More jobs coming to state

Published 12:00 am Sunday, May 13, 2007

ThyssenKrupp to build $4.2 billion facility in Mobile County

By Tammy Leytham

The Selma Times-Journal


The project calls for 2,700 permanent workers and nearly 30,000 construction workers to build the plant, according to the city of Mobile. The permanent jobs could pay between $50,000 and $65,000 annually once the plant is operational in 2010.

While the initial effect will be in southwest Alabama, it &8220;will start trickling up our way,&8221; he said.

Vardaman said there is the possibility of first or second tier suppliers being needed. In addition, the facility &8220;will have to create some push for interstates. It’s going to get awfully crowded on I-65.&8221;

Wilcox County may be the first in our region to benefit, officials said.

Alford added that he would like to see the area get some industry related to the ThyssenKrupp operation.

That’s a possibility, said Bob Robicheaux, PhD, professor and executive director of marketing and industrial distributing at the University of Alabama Birmingham School of Business.

In addition, &8220;first and second tier suppliers will have to establish distribution centers in some reasonable proximity,’ he said. &8220;Many of those will be looking for communities that have industrial sites available.&8221;

Even before the plant is operational, there will be a need to supply materials for the construction and those suppliers will also be looking to set up distribution centers, he said.

The plant, set to open in 2010 and employ as many as 2,700 workers when fully operational, will be near Mount Vernon in the Calvert community on the Tombigbee River, a site about 25 miles north of Mobile that offers a river route to the Gulf of Mexico and is near rails and interstates, according to the Associated Press.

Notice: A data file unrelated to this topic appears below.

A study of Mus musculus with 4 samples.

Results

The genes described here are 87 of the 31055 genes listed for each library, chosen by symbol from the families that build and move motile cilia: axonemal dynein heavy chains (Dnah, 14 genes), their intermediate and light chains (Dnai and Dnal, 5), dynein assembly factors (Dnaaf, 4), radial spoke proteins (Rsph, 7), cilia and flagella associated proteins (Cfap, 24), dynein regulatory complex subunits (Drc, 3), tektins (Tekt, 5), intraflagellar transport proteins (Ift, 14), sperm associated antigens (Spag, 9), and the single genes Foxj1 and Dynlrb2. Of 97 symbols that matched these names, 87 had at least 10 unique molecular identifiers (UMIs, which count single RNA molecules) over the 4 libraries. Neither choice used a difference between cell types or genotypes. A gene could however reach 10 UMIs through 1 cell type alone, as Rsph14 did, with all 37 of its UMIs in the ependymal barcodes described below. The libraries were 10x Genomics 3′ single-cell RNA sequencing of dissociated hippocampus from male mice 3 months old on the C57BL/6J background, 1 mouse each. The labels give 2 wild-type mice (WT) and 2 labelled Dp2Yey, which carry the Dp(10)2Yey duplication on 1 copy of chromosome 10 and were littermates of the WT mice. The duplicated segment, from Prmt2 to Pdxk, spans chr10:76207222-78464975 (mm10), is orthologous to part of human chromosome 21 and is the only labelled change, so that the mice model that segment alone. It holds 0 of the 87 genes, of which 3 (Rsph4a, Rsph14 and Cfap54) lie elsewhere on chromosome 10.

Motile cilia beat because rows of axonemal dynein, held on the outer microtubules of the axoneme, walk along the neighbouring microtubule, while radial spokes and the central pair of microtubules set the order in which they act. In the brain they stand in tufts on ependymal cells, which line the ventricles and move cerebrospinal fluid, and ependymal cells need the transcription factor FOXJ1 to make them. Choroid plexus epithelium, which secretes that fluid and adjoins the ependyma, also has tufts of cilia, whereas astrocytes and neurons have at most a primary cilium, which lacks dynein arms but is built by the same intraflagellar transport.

The company was lured by several tax breaks and a $400 million incentives package approved by the Legislature.

The process of locating the plant began in February 2006 with 67 potential sites in 20 states, according to a press release from ThyssenKrupp.

From the initial sites, ThyssenKrupp confined its search to locations in three states: Alabama, Arkansas and Louisiana. In February of this year, the company announced that it narrowed its search to two states, Alabama and Louisiana.

The announcement was made Friday morning that the company chose Alabama.

Robicheaux said if you &8220;think back to what impact the development of the steel industry had in Birmingham at the turn of the century,&8221; that’s a fair estimate of what effect this facility will have in the communities for about 60 miles in every direction from Mount Vernon. &8220;It will have a tremendous impact,&8221; he said.